Monday, March 14, 2011


(Later -- The earthquake was upgraded to 9.0.)

The recent earthquake in Japan dwarfs all the worlds other unsettling events. This catastrophes devastating human element is beyond comprehension. We cannot know the anguish of concern for the welfare of loved ones unless we’ve ever been in a similar situation of comparable uncertainty. The inability to establish contact with those we care for, or be able to provide them any needed assistance, must be an almost unbearable situation.

These circumstances are being felt most acutely by so many individuals in the United States, around the world and certainly specifically in Japan. A blogger, Bob Brady, whose writing I greatly admire, has been coping with just such unknowns. He lives in Japan, writes at "Pure Land Mountain," and is sharing his family experience. He has finally had phone contact with some of his family who live in an earthquake affected area. I can only imagine the relief he and his wife must have felt upon finally hearing their daughter’s voice. The account of his son-in-law’s hours long trek home on foot in the midst of this disaster is a heroic story. The family is still faced with much uncertainty. Bob says he will write on his blog as he is able.

These events have certainly given me pause to attend to earthquake information as also usually occurs any time after we experience these tremblors in So. Cal. Japan’s five minutes of shaking seems interminable compared with the seconds to little more than a minute’s duration of any shaking I’ve experienced. I hope quake experts’ reports are accurate that due to the smaller fault size, our San Andreas Fault could never register an 8.9 quake as in Japan. Our long predicted “Big One” has the potential for destruction enough in our populated areas.

The same experts say Northern California, Oregon and Washington are much more susceptible to a strong quake. I certainly don’t wish such a tremblor on those areas, or any others, now or in the future.

U.S. Earthquakes are often most associated with California, but the reality is they occur in various areas across our country. See USGS map.

Earthquake preparedness will be of interest to those who live in or might be affected by a nearby tremor.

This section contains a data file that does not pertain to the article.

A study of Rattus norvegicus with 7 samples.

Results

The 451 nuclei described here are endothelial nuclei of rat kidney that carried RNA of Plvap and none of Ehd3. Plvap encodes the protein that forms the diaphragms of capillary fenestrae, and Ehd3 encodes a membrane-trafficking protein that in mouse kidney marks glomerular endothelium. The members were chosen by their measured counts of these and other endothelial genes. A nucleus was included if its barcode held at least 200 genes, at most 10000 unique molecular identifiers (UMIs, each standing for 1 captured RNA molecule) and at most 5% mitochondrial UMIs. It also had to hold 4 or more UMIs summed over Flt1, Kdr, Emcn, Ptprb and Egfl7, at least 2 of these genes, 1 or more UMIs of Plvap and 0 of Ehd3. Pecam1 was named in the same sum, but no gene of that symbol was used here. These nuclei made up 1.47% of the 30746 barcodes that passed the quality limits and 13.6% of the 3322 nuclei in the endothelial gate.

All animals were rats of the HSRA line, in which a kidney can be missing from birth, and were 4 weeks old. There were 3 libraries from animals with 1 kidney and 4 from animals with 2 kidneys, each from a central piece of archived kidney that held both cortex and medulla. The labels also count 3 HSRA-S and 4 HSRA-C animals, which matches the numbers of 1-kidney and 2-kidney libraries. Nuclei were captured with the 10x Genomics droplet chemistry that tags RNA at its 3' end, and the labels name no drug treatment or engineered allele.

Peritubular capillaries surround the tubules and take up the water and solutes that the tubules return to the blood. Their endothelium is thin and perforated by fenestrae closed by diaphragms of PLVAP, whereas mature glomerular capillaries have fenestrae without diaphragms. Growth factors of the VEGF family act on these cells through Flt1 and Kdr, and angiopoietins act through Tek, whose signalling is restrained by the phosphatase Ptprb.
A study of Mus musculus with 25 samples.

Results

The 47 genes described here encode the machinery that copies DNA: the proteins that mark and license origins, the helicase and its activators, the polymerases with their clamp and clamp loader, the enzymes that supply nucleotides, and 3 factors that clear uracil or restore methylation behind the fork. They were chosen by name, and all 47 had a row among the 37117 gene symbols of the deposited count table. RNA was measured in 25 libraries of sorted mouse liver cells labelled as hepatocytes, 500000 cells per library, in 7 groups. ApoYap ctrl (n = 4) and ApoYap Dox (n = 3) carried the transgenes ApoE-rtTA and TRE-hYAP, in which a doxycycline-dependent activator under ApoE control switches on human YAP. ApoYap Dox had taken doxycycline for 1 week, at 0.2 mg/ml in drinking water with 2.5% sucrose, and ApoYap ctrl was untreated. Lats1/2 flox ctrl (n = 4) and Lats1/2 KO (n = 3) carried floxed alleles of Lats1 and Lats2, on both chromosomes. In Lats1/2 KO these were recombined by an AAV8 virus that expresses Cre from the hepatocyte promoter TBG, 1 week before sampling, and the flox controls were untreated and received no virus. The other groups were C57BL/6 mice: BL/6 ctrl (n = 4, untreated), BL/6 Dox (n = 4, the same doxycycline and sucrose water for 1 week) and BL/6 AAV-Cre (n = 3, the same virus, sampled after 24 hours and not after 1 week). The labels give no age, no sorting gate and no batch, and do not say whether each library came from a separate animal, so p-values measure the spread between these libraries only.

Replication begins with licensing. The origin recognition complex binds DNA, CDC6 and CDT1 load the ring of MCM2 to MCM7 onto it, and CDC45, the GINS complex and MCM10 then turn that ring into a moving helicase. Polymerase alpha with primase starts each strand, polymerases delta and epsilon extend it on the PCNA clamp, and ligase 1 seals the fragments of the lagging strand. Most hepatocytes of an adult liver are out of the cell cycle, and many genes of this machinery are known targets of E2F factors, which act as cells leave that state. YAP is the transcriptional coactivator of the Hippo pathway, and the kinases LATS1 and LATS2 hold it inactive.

1. I've been reading Bob's accounts of the earthquake and the Tsunami; and I am relieved he and his whole family are safe. I've been watching tv coverage of this horrendous disaster and can't really fathom the extent of the destruction. One of my daughters and her family live in CA (near LA)...and I can't say I don't worry about earthquakes from time to time. They say Japan was the most prepared nation for just such things as has happened, and look at the devastation they are experiencing. We need to take earthquake preparedness VERY seriously in this country...and act on it....NOW.

  2. That was a very good link with advice. We have our home bolted to its foundation which all homes should be but many are not. It doesn't guarantee it won't be destroyed though in catastrophic quakes.

  3. It is all too Horrific to take in or contemplate. I pray we never have to live through anything even close to this disaster....!

    I am going to go to that link, now! Thank you for this post and for making us aware of your Blogger pal living through this horror.

  4. It is so, so terrible. I was just thinking last night (early this morning) that the tragedy in Japan has taken our attention to what's happening in Egypt and Libya. It's just overwhelming.

  5. If you live in California, or have loved ones there, you can't help but think of the 'big one' after this terrible tragedy in Japan.

    All of those I love most are in California and all have experienced earthquakes, but none this devastating. My son experienced the Northridge quake and that was scary enough for me.

    They say the biggest earthquake in North America occurred in Missouri. I guess we all live perilously with one or another of nature's upheavals.